Nissan Scraps Le Mans Program, Kills Oddball GT-R LM

The weird, front-engine LMP1 racecar is dead.

After a poor initial showing this past season, Nissan has announced that it won’t be returning to the LMP1 class next year with the innovative, flawed GT-R LM Nismo.

The Japanese automaker hit the endurance racing grid last season trying to exploit a loophole in the regulations with a radical front-engine/front-drive layout, while its rivals put everything in the back. The idea was that it would allow better aerodynamics, with more downforce over the driven wheels and cleaner airflow at the rear. Unfortunately the gamble didn’t pay off: Nissan fielded three cars at Le Mans alone (but not at the other seven races in the championship), and none of them made it to the finish line.

Some manufacturers might have chalked it up to teething problems, but Nissan immediately put the entire program under review. After some delay, it announced it would enter the prototype in the series after all – but now it has apparently had a change of heart. According to the statement below, Nissan is withdrawing the forward-thinking prototype from the entire 2016 FIA World Endurance Championship. Nissan UK spokesman Andy Bothwell confirmed that the withdrawal includes Le Mans as well: “The GT-R LM NISMO will not compete in the Le Mans 24 Hours,” Bothwell wrote to Autoblog via email. “However, Nissan’s commitment to its motorsport programmes on a global level remains as strong as ever.”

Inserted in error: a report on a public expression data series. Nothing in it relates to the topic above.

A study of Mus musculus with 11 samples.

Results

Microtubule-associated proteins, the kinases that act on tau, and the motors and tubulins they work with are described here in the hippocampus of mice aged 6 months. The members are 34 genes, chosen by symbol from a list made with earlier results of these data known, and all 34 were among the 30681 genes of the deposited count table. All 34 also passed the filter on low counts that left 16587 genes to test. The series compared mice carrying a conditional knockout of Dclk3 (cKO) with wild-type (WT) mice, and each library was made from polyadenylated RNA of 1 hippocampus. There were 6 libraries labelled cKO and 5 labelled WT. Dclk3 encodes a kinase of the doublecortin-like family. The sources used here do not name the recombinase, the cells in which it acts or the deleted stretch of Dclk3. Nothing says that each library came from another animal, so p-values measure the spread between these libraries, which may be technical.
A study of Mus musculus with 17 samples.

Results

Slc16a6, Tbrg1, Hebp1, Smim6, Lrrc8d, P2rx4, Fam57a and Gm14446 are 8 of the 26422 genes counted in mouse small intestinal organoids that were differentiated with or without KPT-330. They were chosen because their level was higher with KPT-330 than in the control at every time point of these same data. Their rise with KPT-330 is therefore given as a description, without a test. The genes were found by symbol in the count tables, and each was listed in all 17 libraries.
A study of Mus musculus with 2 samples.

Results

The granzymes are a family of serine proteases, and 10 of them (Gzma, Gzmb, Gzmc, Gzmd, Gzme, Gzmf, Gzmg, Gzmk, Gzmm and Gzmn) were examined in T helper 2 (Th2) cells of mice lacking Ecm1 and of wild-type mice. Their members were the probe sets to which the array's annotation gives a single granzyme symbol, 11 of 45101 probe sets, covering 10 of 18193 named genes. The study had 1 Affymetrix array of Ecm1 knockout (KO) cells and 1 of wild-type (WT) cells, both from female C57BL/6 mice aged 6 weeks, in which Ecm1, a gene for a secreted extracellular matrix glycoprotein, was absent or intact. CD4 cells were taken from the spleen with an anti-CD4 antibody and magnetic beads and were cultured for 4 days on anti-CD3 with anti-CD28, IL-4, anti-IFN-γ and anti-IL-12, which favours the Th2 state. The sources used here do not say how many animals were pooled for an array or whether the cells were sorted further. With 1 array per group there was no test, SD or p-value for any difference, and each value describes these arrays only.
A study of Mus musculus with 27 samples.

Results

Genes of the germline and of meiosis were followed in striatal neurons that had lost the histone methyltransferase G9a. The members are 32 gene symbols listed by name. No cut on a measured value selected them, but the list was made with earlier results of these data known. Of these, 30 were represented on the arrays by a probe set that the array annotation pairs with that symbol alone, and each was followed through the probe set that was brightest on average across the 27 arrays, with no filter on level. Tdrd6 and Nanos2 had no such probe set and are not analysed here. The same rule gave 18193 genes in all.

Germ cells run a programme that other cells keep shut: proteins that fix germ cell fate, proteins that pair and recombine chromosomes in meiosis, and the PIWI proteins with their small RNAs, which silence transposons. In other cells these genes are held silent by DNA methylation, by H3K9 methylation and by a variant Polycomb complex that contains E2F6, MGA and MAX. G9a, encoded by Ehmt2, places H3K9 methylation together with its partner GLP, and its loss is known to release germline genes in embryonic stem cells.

The manufacturer will continue competing in other categories, including LMP2 where it powers a large portion of the grid, and the new LMP3 class for which it recently revealed a new engine design. The manufacturer does not compete in the GTE category at Le Mans or its associated series. However its GT-R GT3 continues to compete in the Blancpain Endurance Series, winning the championship in 2013 and one race this past season.

The cancellation of Nissan’s LMP1 program will be bad news for the FIA and ACO. The series organizers typically welcome with open arms the arrival of new manufacturers, especially at the front of the grid, and will invariably be disappointed with one’s departure. But it will hardly be any sweat off of the backs of Audi, Porsche, or Toyota, which were never really challenged by Nissan’s entry, and won’t likely be affected one way or another by its departure.

This article originally appeared on Autoblog.